Marco Arment, developer of Instapaper, blogger, podcaster, coffee nerd, etc, has released a new app called Overcast for the iPhone. I hadn’t planned on writing a short review of this app until I used it to listen to the latest episode of The Geek Whisperers podcast. About halfway through that episode, The Unicorn from Redmond, I realized the app was negatively affecting my impression of the guest.
First, though, let me say I really like Overcast – especially now that I understand the app a bit better. Like Marco’s other apps, It’s well-designed, and easy to use. It’s also free to use with somewhat limited functionality, although I paid $4.99 to unlock the full functionality right away, including all of the features you can read about here.
The feature that seemed most interesting at first glance is called Smart Speed. As I understand it, it dynamically cuts out pauses during a conversation without actually speeding up the speakers themselves. That sounds great, and now that I’ve listened to a handful of podcasts using it, I really like it. As I mentioned, however, before I really understood what Smart Speed was doing, it kinda made me think Symon Perriman from Microsoft was a bit of a ball hog conversationally. The Geek Whisperers typically have a guest on to discuss one or more topics, and the co-hosts, Amy Lewis, John Mark Troyer, and Matthew Brender take turns engaging the guest in spirited back and forth Q&A.
What I found myself thinking as Symon spoke, however, started out as, “Wow, does this dude ever take a breath or is he just a talking machine?” Pretty soon I was laughing and thinking, “I’ve never heard someone just so completely dominate the discussion like this.”
At some point, however, I noticed one of the co-hosts jumping in with a comment in a way that made me wonder if the Skype recording combination had been just a bit off, because the transition from one speaker to another was just … off. At that point I remembered Smart Speed and wondered if it was causing this weird breathlessly non-stop feeling I was getting listening to Symon. So I disabled Smart Speed and replayed the last couple of minutes. The difference was striking. I’d still say Symon is one heck of a talker, but just like everybody else, he pauses between sentences or stops to let a point sink in. He might have been enthusiastically “on message” when describing the MVP program and how Microsoft’s decentralized approach to user groups might be better in some ways than VMware’s VMUG program, but he wasn’t just spewing out words like a machine gun spits out bullets.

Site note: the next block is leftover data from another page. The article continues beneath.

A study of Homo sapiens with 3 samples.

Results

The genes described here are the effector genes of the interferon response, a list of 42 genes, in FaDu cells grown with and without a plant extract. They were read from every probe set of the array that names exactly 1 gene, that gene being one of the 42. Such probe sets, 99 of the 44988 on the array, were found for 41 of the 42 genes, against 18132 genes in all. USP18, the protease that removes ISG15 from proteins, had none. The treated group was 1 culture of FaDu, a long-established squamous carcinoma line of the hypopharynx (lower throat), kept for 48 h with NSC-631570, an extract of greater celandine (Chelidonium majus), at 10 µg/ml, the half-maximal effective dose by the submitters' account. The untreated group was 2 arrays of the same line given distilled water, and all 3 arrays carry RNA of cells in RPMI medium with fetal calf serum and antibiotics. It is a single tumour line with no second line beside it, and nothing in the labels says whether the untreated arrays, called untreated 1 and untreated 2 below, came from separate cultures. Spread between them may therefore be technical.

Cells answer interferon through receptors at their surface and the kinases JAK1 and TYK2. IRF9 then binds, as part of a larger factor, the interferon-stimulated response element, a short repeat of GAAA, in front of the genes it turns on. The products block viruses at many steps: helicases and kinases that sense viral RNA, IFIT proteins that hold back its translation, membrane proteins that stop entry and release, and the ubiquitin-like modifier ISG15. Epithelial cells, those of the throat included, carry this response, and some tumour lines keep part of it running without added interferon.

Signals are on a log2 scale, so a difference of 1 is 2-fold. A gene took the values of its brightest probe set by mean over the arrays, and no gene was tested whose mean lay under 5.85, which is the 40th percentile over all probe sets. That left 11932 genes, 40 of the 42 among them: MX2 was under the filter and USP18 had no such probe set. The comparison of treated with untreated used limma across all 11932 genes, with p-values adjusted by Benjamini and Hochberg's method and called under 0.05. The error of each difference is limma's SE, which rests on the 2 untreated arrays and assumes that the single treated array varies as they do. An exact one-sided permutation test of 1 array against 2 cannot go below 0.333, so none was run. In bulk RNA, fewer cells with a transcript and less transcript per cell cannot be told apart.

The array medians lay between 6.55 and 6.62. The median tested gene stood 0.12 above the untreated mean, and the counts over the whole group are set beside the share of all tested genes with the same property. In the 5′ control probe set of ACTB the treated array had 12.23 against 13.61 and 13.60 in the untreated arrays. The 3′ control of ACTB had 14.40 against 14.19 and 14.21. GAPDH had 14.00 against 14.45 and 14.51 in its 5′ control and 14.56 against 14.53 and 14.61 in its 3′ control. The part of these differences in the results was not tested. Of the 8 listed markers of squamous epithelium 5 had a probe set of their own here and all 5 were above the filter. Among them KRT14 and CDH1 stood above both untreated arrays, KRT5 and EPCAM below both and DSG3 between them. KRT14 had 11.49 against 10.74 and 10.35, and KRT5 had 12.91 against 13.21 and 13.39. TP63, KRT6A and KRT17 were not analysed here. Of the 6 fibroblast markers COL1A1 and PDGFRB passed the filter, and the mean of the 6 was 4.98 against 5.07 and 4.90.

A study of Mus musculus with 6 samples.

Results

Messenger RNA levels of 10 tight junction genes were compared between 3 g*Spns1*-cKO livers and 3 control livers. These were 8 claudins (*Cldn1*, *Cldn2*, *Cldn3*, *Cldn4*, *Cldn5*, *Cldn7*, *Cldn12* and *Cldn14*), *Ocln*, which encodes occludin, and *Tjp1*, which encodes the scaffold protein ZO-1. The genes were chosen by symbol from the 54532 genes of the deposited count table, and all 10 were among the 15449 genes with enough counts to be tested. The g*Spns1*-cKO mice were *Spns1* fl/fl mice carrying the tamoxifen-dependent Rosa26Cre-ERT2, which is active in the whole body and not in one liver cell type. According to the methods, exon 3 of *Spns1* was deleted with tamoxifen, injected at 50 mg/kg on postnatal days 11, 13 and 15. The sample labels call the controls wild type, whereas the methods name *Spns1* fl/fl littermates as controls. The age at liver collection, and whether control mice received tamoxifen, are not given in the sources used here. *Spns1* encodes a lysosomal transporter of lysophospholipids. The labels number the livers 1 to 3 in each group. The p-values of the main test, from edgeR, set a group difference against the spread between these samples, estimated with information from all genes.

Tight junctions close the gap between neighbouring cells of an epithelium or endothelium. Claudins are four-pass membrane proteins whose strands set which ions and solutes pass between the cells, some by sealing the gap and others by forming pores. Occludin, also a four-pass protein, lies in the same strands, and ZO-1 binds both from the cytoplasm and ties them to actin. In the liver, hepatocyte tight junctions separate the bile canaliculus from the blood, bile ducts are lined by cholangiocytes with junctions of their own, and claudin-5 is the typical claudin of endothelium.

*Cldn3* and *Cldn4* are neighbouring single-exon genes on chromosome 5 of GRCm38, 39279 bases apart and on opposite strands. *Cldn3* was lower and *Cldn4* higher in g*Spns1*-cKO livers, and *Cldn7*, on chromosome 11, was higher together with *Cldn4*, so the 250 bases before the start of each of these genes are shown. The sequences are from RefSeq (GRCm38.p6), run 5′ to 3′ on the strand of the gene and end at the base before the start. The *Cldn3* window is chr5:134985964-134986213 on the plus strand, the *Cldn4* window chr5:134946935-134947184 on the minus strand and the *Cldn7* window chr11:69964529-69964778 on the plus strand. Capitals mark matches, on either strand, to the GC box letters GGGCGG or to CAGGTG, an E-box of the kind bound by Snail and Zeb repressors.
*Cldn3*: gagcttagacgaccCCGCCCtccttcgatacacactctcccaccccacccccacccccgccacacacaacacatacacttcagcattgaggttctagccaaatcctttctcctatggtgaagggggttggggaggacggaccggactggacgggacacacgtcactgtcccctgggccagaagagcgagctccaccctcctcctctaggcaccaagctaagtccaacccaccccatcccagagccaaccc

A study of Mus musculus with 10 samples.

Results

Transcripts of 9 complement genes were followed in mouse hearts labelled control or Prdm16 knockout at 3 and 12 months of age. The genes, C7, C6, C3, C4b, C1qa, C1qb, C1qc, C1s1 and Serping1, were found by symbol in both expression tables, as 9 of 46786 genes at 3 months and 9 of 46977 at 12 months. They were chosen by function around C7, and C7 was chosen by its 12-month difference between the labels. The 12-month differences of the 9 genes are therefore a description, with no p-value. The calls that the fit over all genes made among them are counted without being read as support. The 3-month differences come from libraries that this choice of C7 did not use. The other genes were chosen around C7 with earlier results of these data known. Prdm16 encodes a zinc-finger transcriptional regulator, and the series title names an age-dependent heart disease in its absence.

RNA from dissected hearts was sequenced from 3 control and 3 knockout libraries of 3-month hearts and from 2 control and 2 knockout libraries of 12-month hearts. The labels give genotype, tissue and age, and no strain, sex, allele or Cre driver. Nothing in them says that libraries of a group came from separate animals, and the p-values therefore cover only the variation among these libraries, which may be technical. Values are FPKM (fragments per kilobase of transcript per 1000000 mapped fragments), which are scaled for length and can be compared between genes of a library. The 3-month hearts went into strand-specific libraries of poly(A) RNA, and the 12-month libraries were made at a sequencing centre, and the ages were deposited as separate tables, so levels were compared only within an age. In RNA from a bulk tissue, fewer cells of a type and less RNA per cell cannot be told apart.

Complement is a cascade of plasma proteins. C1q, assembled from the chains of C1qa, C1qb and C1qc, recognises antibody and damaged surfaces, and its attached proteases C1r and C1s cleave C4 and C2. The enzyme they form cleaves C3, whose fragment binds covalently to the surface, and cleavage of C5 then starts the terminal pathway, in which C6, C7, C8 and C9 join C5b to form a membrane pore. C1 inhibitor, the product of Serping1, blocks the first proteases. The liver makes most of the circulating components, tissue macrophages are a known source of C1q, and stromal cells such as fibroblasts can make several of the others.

I left Smart Speed disabled for the rest of the episode and found that I enjoyed the remainder of the discussion more than I had the speed up portion. I would not agree that “conversations still sound so natural that you’ll forget it’s on” because this one certainly didn’t.
Having said that, I re-enabled Smart Speed for some other podcasts, including Marco’s own Accidental Tech Podcast, and in doing so, I’ve gotten a bit more used to the Smart Speed feature. I even combined it with the increasing the speed of the playback itself, although just one blip on the speed slider, and the combination which seems to work out to 1.2-1.4x. For lighter nerdy podcasts like ATP, I’m ok with cranking up the speed and cutting out the pauses. For others, especially those about more complex or deeper topics, I’ll probably listen without the time-saving features enabled.
Overall, I really like Overcast. I like supporting independent developers and I like using well-made apps. If you use an iPhone, give it a try.